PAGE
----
I’m not quite Clark Griswold. I’m not going to staple 100,000 Christmas lights to our roof, nor do I plan to (or have the income for) putting a pool in the backyard. But, damn, do I love Christmas.
Christmas fever is something I inherited from the old man. We didn’t have much money growing up. I know there were times, especially when my brother and I were little boys, that $10 was a BIG deal. One of my favorite stories is my father’s angst when my mother spent $5 on a calendar at the grocery store … they had $20 in the bank. You do the math.
Despite being poor, we never went without on Christmas. In fact, dad and mom always found a way, usually by working monthlong craft shows at malls during the holidays, to essentially spoil us on the big day.
There were brand new bikes, remote control cars and Lite-Bright, among other things, in 1981; a massive Army train set in 1983; the GI Joe F16 jet and Royals jacket in 1984; Nintendo in 1988; and many others through the years.
Most of the folks who know us would likely say Webb men are a little, um, thrifty. My brother definitely is. We’re talking you-better-leave-50-cents-on-the-counter-if-you-eat-a-Snickers chintzy.
Yes, I’ve been known to be cheap. But that’s not the case when I’m buying for somebody I love, and definitely not on Christmas. With that in mind, I’m excited about this year. In large part because I have the girlfriend to “spoil.”
She reads this blog, so I’m not going to break down what I bought or plan to buy over the next few weeks. But, there is one item, one awesome gift, that I couldn’t resist giving her a month early.
The girlfriend and I have been steadfast in our belief that we don’t have to get married to express our love. In fact, her face would crinkle up if I joked about it. (I’ve noticed that her face doesn’t crinkle up when I joke about it these days, but that’s another blog for another day.)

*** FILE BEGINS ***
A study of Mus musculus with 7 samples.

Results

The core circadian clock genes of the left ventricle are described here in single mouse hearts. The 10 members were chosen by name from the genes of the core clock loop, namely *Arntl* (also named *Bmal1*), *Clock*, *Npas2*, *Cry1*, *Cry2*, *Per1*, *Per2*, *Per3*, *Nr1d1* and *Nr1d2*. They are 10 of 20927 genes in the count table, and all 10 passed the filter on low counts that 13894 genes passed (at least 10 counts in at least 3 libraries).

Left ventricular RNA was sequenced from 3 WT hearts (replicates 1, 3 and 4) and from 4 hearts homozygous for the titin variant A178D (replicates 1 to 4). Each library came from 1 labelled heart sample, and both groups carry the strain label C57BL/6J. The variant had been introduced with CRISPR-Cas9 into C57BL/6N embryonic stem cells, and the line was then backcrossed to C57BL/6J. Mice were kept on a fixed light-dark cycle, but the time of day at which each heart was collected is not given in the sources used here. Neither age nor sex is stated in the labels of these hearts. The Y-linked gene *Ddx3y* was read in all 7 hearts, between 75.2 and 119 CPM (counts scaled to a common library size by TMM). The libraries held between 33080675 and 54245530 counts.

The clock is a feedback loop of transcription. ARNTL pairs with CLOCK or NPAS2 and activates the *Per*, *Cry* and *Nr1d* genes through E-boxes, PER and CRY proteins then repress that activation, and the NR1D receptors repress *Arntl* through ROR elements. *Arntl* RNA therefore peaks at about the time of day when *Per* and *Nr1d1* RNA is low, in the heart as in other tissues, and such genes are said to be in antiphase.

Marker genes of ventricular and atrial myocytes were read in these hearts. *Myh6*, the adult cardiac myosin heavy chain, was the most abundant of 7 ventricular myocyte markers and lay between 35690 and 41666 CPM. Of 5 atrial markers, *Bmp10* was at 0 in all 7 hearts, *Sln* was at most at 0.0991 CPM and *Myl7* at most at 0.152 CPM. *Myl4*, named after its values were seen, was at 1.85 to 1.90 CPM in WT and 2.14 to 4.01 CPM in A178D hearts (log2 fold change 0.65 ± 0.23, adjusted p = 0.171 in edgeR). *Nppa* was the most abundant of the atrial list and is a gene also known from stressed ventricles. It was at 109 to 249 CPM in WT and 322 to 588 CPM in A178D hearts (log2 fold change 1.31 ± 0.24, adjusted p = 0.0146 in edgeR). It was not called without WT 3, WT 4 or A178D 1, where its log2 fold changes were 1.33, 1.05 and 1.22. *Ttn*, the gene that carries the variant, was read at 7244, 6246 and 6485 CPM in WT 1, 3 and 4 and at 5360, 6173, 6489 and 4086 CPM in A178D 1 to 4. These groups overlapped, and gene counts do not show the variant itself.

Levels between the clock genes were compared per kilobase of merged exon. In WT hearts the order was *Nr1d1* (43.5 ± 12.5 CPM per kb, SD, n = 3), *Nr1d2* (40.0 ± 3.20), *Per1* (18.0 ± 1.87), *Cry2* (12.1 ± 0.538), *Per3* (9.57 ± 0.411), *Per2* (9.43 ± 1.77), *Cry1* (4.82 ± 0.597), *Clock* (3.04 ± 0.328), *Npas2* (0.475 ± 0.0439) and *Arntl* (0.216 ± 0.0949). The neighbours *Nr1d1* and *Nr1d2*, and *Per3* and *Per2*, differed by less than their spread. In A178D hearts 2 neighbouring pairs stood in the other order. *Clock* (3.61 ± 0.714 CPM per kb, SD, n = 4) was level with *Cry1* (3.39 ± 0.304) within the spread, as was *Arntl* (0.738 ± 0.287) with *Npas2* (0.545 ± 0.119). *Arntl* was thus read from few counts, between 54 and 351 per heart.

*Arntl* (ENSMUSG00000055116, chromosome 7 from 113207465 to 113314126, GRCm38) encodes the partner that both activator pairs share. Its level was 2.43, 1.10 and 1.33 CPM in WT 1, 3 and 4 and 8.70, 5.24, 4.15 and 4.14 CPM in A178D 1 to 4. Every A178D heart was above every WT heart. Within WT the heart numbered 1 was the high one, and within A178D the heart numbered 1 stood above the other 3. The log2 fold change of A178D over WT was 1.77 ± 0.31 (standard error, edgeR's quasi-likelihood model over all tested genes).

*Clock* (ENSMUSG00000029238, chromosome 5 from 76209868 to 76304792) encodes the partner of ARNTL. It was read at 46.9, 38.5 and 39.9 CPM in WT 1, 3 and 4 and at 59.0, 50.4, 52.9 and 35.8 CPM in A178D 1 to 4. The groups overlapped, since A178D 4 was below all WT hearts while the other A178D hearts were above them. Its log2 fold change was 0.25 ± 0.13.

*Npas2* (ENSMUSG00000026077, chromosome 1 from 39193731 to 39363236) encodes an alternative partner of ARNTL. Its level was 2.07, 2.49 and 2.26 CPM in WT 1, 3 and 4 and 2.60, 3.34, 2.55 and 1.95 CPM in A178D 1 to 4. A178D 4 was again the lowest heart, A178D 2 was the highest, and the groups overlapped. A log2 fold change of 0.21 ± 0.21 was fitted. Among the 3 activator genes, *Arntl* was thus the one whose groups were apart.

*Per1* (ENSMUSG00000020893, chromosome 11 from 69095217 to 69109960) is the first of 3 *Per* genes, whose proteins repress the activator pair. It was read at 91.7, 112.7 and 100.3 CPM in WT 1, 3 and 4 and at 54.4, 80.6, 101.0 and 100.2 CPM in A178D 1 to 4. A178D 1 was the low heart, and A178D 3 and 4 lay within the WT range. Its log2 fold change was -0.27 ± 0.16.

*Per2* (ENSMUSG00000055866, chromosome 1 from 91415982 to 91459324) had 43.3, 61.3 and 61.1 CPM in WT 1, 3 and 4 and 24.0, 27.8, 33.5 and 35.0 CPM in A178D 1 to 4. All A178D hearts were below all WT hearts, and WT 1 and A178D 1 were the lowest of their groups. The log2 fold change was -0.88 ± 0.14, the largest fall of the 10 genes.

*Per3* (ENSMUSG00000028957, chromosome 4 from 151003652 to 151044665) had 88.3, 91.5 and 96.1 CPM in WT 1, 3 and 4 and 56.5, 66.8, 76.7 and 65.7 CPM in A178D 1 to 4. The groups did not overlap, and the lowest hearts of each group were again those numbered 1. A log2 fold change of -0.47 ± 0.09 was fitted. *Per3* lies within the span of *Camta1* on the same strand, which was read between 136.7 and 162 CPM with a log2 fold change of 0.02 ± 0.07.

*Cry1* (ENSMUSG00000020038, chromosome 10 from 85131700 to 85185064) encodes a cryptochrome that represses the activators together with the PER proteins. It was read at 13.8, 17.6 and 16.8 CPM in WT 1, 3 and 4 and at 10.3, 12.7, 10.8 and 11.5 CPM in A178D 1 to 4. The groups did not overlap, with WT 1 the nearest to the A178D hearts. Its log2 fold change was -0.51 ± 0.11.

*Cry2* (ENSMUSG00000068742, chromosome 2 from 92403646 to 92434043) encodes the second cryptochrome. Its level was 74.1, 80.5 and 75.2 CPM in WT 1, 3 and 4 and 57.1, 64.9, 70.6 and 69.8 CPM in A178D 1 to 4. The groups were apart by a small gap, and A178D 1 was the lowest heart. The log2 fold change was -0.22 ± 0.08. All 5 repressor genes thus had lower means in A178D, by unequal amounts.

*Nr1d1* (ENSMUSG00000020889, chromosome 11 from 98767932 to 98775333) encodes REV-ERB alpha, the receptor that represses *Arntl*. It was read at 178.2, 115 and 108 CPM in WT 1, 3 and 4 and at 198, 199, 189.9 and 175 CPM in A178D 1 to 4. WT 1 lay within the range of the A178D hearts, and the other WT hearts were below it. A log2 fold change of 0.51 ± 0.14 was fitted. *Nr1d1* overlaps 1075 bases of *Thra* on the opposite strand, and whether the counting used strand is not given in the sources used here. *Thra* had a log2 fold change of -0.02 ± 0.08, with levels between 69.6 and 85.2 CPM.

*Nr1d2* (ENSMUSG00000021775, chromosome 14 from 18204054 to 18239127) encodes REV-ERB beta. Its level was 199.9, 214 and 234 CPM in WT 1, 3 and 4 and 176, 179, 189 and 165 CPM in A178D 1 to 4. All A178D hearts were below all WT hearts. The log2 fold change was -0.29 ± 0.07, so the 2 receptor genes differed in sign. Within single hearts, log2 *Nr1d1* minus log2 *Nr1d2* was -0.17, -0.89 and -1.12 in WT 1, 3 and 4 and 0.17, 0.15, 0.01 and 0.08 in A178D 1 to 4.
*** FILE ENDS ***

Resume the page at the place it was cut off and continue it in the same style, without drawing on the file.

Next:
I’d known for months that she was getting some bling for Christmas. I approached her sister for help in May. We brainstormed off and on, and I finally decided on a ring that says “I love you” instead of “I own you.”
I looked everywhere for the right ring. Turns out, not every kiss begins with Kay. And I’d rather go to Jared for a meatball sandwich than a rock. I never did find the perfect ring … her sister did.
When she emailed me a photo of the ring, I knew that was it. Unique, with three small diamonds, 14K. And, to top it off, it’s called the “Kerry” ring. Her youngest sister’s name? Kerry.
I bought the ring on Nov. 21, much like I bought most of my gifts (a personal record by roughly 33 days). Once the shopping was done, I went to the Sprint Center to watch Missouri and Cal in the CBE Classic.
Throughout the game, I gave myself a pep talk: “You can wait a month to give her that ring. You can do it. Man up.”
I waited all of a few hours. Arriving at home at midnight to find her cooking rolls for Thanksgiving, I realized we were alone, with a fire going. I couldn’t wait.
She opened the Pandora’s bag, then the box … tears welled in her eyes, followed by the beautiful smile that makes me melt. I explained that she should thank her sister because “we’ve been working on this for a while.”
That’s when the tears flowed. As she explained, the sentiment of including her sister meant just as much as the ring, which she loved. I hadn’t even thought about that. Maybe I’m just a natural at knowing how to treat a lady. Or maybe I’m just one lucky son of a gun. Of course, I’ve known that for months now.